Thursday, March 02, 2017 by Amy Goodrich
Earthquakes are a rare event in a tectonically peaceful region like Pennsylvania. However, fracking operations triggered a series of small shivers that took place last year, state officials of the Department of Environmental Protection (DEP) announced in a recent report.
While they were too weak to be felt by humans (they ranged from 1.8 to 2.3 on the Richter Scale), up to five earthquakes were recorded in Lawrence County, about 50 miles north of Pittsburgh, in April 2016. The epicenters of the quakes were registered within a five-mile radius of the gas well pad owned by the Texas-based Hilcorp Energy Company.
Fracking-induced earthquakes, which are common in Ohio and Oklahoma, had never been recorded in Pennsylvania, which is the nation’s number two natural gas-producing state. As a result, Pennsylvania is taking steps to monitor and address seismic activities caused by fracking operations.
When the DEP warned Hilcorp of the increased seismic activity, the company immediately suspended all fracking operations for an indefinite time. Spokesman Justin Furnace said the company is currently reviewing the DEP’s report and has no plans to resume drilling activities. He added that they will continue to work with the state to address future concerns.
Fracking or hydraulic fracturing is a process where millions of gallons of water along, with sand and chemicals, are injected under high pressure into a well, shattering the shale rocks to free the natural gas. At the time of the quakes, Hilcorp was using a technique called zipper fracturing where two parallel, horizontal wells are simultaneously drilled next to each other.
Seth Pelepko, chief of well-plugging and subsurface activities for the DEP’s oil and gas management program, explained that when the drilling site is too close to the layer of basement rock, earthquakes may arise. He added that compared to other areas in the state the basement rock is quite shallow in Lawrence County. Furthermore, he noted that fracking techniques enlarge the pressure zone near the wells, which can also be a shock-inducing factor.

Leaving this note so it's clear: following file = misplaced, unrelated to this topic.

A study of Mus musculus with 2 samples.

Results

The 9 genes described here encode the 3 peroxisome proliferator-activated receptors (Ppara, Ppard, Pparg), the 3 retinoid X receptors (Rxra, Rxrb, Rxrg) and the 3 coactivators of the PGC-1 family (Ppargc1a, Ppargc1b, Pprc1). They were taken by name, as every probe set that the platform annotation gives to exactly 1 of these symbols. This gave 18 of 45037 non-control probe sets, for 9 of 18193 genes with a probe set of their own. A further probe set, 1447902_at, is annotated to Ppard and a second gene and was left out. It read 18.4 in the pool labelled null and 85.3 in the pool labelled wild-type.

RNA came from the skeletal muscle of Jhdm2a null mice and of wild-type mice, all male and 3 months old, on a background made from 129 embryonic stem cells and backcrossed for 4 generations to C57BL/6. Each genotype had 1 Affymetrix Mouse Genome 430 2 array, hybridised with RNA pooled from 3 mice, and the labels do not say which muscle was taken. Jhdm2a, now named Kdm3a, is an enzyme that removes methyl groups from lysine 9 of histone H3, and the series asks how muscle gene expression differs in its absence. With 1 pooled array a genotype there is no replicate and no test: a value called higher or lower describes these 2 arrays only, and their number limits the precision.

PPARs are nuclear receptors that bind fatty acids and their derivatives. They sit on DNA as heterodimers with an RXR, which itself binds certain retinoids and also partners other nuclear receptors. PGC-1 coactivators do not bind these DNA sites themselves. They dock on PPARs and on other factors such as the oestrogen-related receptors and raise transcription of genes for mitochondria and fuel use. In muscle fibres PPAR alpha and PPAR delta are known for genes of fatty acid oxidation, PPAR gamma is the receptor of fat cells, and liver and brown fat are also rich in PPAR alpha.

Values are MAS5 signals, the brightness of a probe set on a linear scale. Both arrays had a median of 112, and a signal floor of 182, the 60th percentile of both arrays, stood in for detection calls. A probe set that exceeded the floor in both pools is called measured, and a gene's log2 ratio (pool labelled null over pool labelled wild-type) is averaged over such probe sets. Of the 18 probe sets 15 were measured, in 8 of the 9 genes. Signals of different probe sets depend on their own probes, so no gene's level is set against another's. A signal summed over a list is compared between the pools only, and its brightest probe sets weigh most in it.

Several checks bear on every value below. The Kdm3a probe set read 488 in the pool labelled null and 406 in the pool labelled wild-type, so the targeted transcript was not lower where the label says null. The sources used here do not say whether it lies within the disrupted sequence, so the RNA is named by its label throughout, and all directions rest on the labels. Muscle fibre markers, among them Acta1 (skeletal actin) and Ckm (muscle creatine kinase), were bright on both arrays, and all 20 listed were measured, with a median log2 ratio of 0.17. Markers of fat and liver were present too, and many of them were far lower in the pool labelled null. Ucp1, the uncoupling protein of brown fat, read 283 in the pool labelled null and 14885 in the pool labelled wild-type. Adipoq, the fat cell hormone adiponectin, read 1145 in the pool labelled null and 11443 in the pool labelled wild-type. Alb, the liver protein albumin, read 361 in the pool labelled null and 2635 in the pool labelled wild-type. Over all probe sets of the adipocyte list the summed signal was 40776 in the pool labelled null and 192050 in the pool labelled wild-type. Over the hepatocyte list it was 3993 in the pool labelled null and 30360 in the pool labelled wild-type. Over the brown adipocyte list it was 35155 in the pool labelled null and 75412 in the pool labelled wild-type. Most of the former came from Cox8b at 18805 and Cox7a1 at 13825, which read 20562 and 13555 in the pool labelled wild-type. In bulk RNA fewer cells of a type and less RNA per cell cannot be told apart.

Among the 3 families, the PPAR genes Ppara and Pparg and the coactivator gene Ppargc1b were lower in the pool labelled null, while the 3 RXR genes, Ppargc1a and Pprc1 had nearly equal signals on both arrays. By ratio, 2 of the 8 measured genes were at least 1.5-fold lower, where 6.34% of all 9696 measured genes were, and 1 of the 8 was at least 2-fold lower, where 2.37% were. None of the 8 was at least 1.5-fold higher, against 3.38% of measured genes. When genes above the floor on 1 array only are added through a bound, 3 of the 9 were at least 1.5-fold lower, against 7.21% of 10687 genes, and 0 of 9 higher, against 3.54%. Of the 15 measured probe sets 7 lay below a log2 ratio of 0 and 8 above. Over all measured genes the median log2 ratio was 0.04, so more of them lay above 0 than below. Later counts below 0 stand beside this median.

Since the earthquakes occurred, the DEP has addressed the issue of fracking-induced earthquakes through a list of recommendations for the Hilcorp company. The list is a first step towards creating a stop-light procedure and area-specific regulations to reduce the earthquake risk near fracking sites.
To prevent future quakes, Hilcorp has agreed to stop using zipper fracturing near wells in the townships North Beaver, Union, and Mahoning where the temblors were recorded. Additionally, the DEP has ordered Hilcorp to operate its own seismic monitors to report seismic activity with a magnitude of 1.0 or greater within 10 minutes. Furthermore, when seismic events with a magnitude of 2.0 or higher occur, fracking operations must be suspended and re-evaluated at once.
For Hilcorp it is not the first time its fracking operations have been blamed for causing earthquakes. In 2014, geologists Robert Skoumal, Michael Brudzinski, and Brian Currie, scanned seismological data and recorded 77 earthquakes in Poland Township, Ohio, with magnitudes ranging from 1.0 to 3.0. All 77 quakes occurred around two wells operated by the Texas-based energy company.
As stated by the Ohio geologists, one of the 2014 quakes with a 3.0 magnitude, which is strong enough to be felt by residents, was “potentially one of the largest earthquakes induced by hydraulic fracturing in the United States.”
Sadly, earthquakes are not the only thing people living near injection wells have to fear. Multiple studies have shown that fracking is contaminating our drinking water with cancer-causing chemicals via the waste water they inject into the ground. If you live near a fracking site, a quick lab analysis of your tap water may protect your family’s health.
Follow more news about fracking at Fracking.news.